Walleye on the Rocks – Episode 422

On this Fish’n Canada episode, the boys are on a drive-to, walk-in Walleye adventure.

They’ve made their way up to Northern Ontario, in particular, Pasha Lake Cabins, and are about to embark on a hike through the woods to what has been hyped up as an incredible fall fishery for big Walleye.

Pasha Lake near Jellicoe, Ontario is a hub to some of Ontario’s best fishing destinations. Chad Thompson of Pasha Lake Cabins raves about the bountiful Walleye waters that dot this great area of Northern Ontario and pretty much guarantees great fishing throughout the open season.


If you think that the only fishing we at Fish’n Canada shoot for television is either easy access lakes with great boat launches or fly-in lodges with every amenity available at our beck and call, then you’re wrong. Ang and Pete love hard to access fishing destinations. Simply put, it adds to the whole experience. On this particular trip, knowing that there’s big fall Walleye at the end of the trail makes this trek through the woods a breeze!


There’s no better feeling on a fishing adventure than arriving at your destination on a beautiful misty morning, dropping your packs and prepping for that possible day of a lifetime. After the brisk yet invigorating trek through the woods on a well-groomed trail, Pete and Angelo unloaded their backpacks and started tying on baits.


As the guys set out on their early fall Walleye outing, the North Country sunrise was nothing short of spectacular. If you have never experienced one, it’s an absolute must. And when you add in a great Walleye adventure like this one, it gets no better!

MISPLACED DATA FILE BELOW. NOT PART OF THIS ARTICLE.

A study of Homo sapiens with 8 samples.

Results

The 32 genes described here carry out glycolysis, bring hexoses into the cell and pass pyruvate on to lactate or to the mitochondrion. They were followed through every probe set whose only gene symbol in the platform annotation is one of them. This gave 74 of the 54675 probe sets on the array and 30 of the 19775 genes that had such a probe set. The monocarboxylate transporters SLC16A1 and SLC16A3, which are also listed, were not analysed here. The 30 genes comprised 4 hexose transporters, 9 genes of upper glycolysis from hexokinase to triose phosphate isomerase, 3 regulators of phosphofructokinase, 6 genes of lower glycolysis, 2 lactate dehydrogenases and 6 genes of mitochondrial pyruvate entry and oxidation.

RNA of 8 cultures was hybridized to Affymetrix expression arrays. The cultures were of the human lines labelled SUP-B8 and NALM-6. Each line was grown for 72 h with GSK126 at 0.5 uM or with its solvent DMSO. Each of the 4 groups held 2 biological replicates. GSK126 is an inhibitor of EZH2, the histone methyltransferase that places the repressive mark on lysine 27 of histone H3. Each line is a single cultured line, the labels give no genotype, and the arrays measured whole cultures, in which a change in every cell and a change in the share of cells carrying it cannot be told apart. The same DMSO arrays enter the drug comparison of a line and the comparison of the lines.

The first stop of the day was a point that dropped into 12-15 feet of water pretty quickly. Chad Thompson said to try this area but don’t waste a bunch of time on it. Ang and Pete put in about 10 minutes without a strike and then headed off to Chad’s next recommendation.

This stop was a rocky jutting point that extended out from shore under the water. It was shallow and very snaggy but even so, the boys had to start with a jig and minnow. It’s an absolute must in a lake like this.

Instantly, they started picking up fish—and very shallow! As a matter of fact, they literally had to sit directly over the rocks and vertically drop jigs in the nooks and crannies right on top of these shallow feeding Walleye’s heads. If they cast, they would snag up.

“So we get into a couple of big Walleye right off the bat in crazy shallow water,” says Pete. “And then all of a sudden, Bam! The Walleye were seemingly pushed out by a bunch of ravenous Pike. It was almost like they heard the feeding and fighting of our Walleye, and moved in for a look.”

Regardless of why the Pike moved in, Ang and Pete had to move out. With a simple drift out about 50 yards from shore and a presentation change, the boys picked up right where they left off!


Switching from live bait to erratic artificials is a very drastic change, especially for cold water Walleye but those are the moves anglers need to make in order to succeed. Ang and Pete could tell from the previous jig fish that the Walleye were in a pretty active state, so a suspending jerkbait is actually a pretty good choice.

“With water in the fifties,” says Angelo, “you may think that our jerkbait choice was more of a fluke than anything. But think of it this way: A suspending jerkbait sits dead still probably longer than most jig presentations. By lightly pulling and then giving the bait an extended pause, it actually turns out to be a pretty slow presentation!”


As they say, all good things must come to an end—and thus, the boys jerkbait mayhem shut down. But there’s one more trick up the Fish’n Canada sleeve for suspended Walleye and that’s the drop shot rig tipped with live bait. Angelo is a strong user of the Walleye drop shot setup and for good reason. When the jig slows down and the cranks slow down, something still has to work. A minnow suspended in front of a Walleye’s face is pretty hard to resist. And with that, Angelo closes the show off with another beauty Northern Ontario Walleye.